NEW DELHI: On a day when Congress chief Rahul Gandhi began the poll campaign for the party in Madhya Pradesh, the hashtag #Digvijaya4CM was one of the top trends on microblogging site Twitter.
Distancing himself from the trend, Digvijaya asserted that he has no ambitions of becoming the Chief Minister. "Whoever has started Digvijay4CM is not my well wisher. I have been CM MP for a decade and there is no question of my going back on my statement that I AM NOT A CM CANDIDATE. I am not someone who would say something and do something else," he claimed.
Many tweeted through the day that Digvijaya Singh is the only good choice for the CM candidate from the Congress.
— Sujata Karmakar (@SujataKarmakar_) September 17, 2018
— Kajol Saxena (@kajol_saxena) September 17, 2018
Digvijay Singh is paying the price of being blunt and straightforward, his experience is the only thing which could save Congress in Madhya Pradesh. Abki bar Congress sarkar #Digvijay4CM pic.twitter.com/g1HmOs4qh0
— Soniyo (@soniyo_ve) September 17, 2018
— Karan Yadav (@karan8961) September 17, 2018
The hashtag started to trend when Rahul kickstarted the party's poll campaign in the state. Interestingly, Digvijaya was missing from the posters and cut-outs put up across Bhopal on Monday, leading to murmurs of a rift within the Congress. The massive cutouts included those of top leaders including Rahul, his mother Sonia Gandhi, Kamal Nath, Jyotiraditya Scindia among others.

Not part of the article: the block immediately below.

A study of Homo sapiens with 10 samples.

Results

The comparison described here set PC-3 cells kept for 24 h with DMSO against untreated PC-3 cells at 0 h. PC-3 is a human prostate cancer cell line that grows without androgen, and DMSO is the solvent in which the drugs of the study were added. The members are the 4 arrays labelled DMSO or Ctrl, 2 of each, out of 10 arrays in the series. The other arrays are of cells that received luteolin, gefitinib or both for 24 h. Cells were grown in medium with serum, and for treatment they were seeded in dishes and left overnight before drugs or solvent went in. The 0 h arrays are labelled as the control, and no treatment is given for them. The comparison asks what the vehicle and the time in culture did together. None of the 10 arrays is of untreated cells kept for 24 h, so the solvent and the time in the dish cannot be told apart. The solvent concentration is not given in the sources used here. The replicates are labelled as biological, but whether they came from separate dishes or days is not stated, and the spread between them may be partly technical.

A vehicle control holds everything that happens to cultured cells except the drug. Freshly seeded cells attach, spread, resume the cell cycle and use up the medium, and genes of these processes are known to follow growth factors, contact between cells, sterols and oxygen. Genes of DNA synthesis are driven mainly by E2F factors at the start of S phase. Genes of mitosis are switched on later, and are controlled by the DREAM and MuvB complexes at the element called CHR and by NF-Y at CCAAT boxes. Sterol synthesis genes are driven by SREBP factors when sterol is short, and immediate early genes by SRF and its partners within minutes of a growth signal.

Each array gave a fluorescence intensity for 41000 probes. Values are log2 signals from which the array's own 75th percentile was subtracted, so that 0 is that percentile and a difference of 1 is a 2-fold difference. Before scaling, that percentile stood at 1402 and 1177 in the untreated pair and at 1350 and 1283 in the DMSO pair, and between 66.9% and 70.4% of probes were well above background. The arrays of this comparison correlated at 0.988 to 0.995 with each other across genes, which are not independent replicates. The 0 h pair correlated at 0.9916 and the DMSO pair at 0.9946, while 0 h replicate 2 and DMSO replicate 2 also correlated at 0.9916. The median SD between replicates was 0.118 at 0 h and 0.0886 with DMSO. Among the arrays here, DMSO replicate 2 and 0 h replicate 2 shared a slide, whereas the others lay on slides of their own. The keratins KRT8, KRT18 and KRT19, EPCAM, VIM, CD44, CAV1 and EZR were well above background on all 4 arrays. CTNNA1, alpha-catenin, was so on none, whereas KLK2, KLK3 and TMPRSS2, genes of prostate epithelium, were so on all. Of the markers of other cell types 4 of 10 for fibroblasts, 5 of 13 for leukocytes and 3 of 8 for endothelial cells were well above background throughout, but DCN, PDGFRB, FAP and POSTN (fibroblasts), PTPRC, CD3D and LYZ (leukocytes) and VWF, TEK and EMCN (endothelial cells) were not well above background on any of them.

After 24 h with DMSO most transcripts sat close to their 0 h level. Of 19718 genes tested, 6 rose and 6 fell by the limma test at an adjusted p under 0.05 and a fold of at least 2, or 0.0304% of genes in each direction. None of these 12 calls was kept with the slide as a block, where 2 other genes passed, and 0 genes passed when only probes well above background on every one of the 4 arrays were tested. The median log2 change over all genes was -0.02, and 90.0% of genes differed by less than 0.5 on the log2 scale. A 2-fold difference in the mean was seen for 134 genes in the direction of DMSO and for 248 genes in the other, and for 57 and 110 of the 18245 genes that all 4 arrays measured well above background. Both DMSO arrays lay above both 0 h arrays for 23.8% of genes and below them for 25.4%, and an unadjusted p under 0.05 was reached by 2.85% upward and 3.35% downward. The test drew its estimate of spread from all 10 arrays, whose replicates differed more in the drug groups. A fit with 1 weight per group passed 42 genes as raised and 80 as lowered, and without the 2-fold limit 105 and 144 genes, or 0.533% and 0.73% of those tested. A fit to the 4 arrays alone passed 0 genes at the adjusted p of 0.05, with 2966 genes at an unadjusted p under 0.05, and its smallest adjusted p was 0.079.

Rahul began the poll campaign by taking the blessings from 11 Hindu priests in the Lalgathi area and holding a roadshow in the poll-bound state. He was accorded a grand welcome at the airport by Madhya Pradesh Congress president Kamal Nath and senior party leader and Guna MP Jyotiraditya Scindia among others. Banners and posters describing Rahul as a 'Shiv bhakt' were put up across the city. Chants of 'Rahul Gandhi Zindabad' were also heard on his arrival.
Thousands of Congressmen thronged the roadsides and jostled to catch a glimpse of their party chief, who set out in the bus along with senior party leaders.